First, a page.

WASHINGTON – The person suspected of working undercover for Al Jazeera to make a documentary film about the Israel lobby managed to become involved as an intern at the leading pro-Israel organization The Israel Project and had access to some information about its donors, sources in the Washington-based pro-Israel community have told Haaretz. The sources stated that the same person was also in touch with employees of as many as ten other organizations, as well as staff of the Israeli Embassy in Washington.
Al Jazeera's admission did not come as a surprise to a number of pro-Israel organizations in Washington, which have suspected since early 2017 that the Qatari-owned network had been working on such a film. The suspicions were first reported by journalist Armin Rosen, who wrote about the issue in Tablet Magazine in January. Rosen said that the person suspected of being Al Jazeera's “mole” in Washington is a British-born pro-Palestinian activist named James Anthony Kleinfeld, who used a different name when applying for jobs in pro-Israel organizations in Washington and who managed to become involved in pro-Israel activities in the U.S. capital.
Five sources with knowledge of the situation told Haaretz that Kleinfeld – whom they suspect, but don't know for certain, was indeed working for the Qatari news network – managed to become involved as an intern at The Israel Project, an organization that works to improve Israel's global image. The sources offered different accounts of Kleinfeld's involvement in the organization. Some said he showed up at The Israel Project's Washington offices three to four times a week during the summer of 2016, while others claimed he only spent a total of around 20 hours at the organization's offices.
All of the sources said that one of the issues Kleinfeld focused on during his time with the organization was donor relations. As part of that responsibility, he made calls to potential donors and also had access to certain files about the organization's donor base.
One of the sources, all of whom asked not be identified, said it was “strange” that Kleinfeld was “very eager to work on donations,” explaining that “this is not typically an issue that young and passionate volunteers want to work on. Usually, that kind of person would ask to do public relations stuff.”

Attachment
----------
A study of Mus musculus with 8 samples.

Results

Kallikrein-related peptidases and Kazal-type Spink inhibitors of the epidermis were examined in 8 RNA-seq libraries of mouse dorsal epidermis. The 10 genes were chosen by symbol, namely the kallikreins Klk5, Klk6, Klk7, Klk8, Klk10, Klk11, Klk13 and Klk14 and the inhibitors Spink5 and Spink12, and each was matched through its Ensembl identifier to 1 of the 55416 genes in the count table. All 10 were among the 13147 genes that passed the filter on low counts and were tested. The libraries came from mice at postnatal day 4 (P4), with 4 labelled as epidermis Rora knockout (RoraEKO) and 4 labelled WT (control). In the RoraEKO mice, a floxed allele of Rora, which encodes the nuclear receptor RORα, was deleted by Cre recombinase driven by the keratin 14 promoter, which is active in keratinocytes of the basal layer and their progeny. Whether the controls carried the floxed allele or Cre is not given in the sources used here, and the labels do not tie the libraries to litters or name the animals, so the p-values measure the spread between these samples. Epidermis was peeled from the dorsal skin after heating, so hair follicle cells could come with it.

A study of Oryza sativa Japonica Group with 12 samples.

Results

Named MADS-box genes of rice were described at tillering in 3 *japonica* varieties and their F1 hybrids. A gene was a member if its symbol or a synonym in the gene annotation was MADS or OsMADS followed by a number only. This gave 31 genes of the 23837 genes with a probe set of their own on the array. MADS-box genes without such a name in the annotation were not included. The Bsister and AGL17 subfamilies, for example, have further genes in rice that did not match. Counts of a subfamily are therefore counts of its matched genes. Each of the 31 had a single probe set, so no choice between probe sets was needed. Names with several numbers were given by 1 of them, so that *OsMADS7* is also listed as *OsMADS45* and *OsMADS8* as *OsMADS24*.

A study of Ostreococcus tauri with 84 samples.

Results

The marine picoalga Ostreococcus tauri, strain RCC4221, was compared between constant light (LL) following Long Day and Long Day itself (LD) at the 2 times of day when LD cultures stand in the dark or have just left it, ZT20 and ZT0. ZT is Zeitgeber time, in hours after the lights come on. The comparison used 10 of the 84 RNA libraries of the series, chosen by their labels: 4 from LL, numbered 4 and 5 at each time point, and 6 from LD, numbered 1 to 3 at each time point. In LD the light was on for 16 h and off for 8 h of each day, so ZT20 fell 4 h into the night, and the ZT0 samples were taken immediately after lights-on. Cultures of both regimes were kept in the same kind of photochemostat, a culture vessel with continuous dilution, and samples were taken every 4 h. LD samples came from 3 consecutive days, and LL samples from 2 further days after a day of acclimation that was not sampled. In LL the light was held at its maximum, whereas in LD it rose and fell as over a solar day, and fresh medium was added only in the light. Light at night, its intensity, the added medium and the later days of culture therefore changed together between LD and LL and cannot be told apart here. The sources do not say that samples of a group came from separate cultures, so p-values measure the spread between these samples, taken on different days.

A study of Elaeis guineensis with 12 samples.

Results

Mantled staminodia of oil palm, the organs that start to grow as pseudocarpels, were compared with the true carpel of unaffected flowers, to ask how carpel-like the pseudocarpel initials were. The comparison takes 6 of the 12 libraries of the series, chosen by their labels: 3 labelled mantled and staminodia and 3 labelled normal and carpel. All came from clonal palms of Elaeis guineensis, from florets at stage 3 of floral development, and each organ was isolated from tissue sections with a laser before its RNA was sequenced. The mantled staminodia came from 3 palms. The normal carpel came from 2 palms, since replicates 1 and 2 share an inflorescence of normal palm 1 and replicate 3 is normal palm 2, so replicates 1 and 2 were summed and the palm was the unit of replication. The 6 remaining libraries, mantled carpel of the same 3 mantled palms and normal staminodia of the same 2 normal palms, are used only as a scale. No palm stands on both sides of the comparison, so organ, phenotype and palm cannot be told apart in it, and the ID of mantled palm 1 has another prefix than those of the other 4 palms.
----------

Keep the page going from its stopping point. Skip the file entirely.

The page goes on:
A person who had spoken to Kleinfeld during his time in Washington said that Kleinfeld “was telling people that he had gone to events at the Israeli embassy, made friends with embassy workers, and also tried to get a job in the embassy.” Haaretz was able to verify several of those details; Kleinfeld indeed had one meeting with a junior embassy worker, which focused on fighting the Boycott, Divestment and Sanctions movement, and he also invited a number of junior embassy workers to parties at his apartment in Washington.
One senior official in a pro-Israel organization called the incident “a wake-up call” to such organizations, who, the official said, “need to start realizing what we're up against in these times.” According to the official, Al Jazeera invested tens of thousands of dollars into the project. “They rented an apartment for him that cost more than $5,000 a month,” the official said. “We don't know what kind of recording equipment was placed inside that apartment, and what kind of equipment he took with him to meetings in offices all around town, but I assume it was of the highest quality. This is not just a television report, it's closer to state-sponsored espionage.”
The official added that “this is only the tip of the iceberg,” explaining that Kleinfeld “was in touch with senior people in at least ten organizations, all of whom could have been recorded talking to him. He built a wide network with people from different organizations, on both a professional and social level.”
Another source who knew Kleinfeld during his time in Washington expressed concern that “whatever information he may have gathered could get not only to Al Jazeera, but also to other places,” noting that the international network is owned by Qatar – “not exactly a friendly nation.”
Kleinfeld, according to several sources, also visited the offices of the Israel on Campus Coalition, an organization that aims to “unite and empower pro-Israel campus organizers.” It should be noted that the first part of Al Jazeera's series about the Israel lobby in the U.K. focused mainly on pro-Israel activities at British universities.
Two of the sources said that the organization which introduced Kleinfeld to the pro-Israel scene in Washington is Fuel For Truth, which works to “equip” young leaders with “the basic skills and facts necessary to advocate for Israel.” The report in Tablet Magazine in January also stated that Kleinfeld went through a training session with that organization, and one of the sources who spoke with Haaretz explained that “this was his entry card.”
Al Jazeera's announcement about the undercover reporter came shortly after a government regulation agency in the U.K. stated on Monday that it is rejecting complaints that the network's series on pro-Israel groups in the U.K. was anti-Semitic.
The regulator, Ofcom, concluded that the program was “a serious investigative documentary which explored the actions of the Israeli Embassy and, in particular, its then Senior Political Officer, Shai Masot and his links to several political organisations that promote a pro-Israeli viewpoint.”
Following the ruling, the director of investigative reporting at Al Jazeera, Clayton Swisher, said in an interview on the network's main Arabic channel that “at the same time we had an undercover in Britain, we also had an undercover in the United States.” He explained that the network did not want to broadcast the materials gathered in Washington before the regulator in the U.K. would issue a verdict on the British part of its reporting.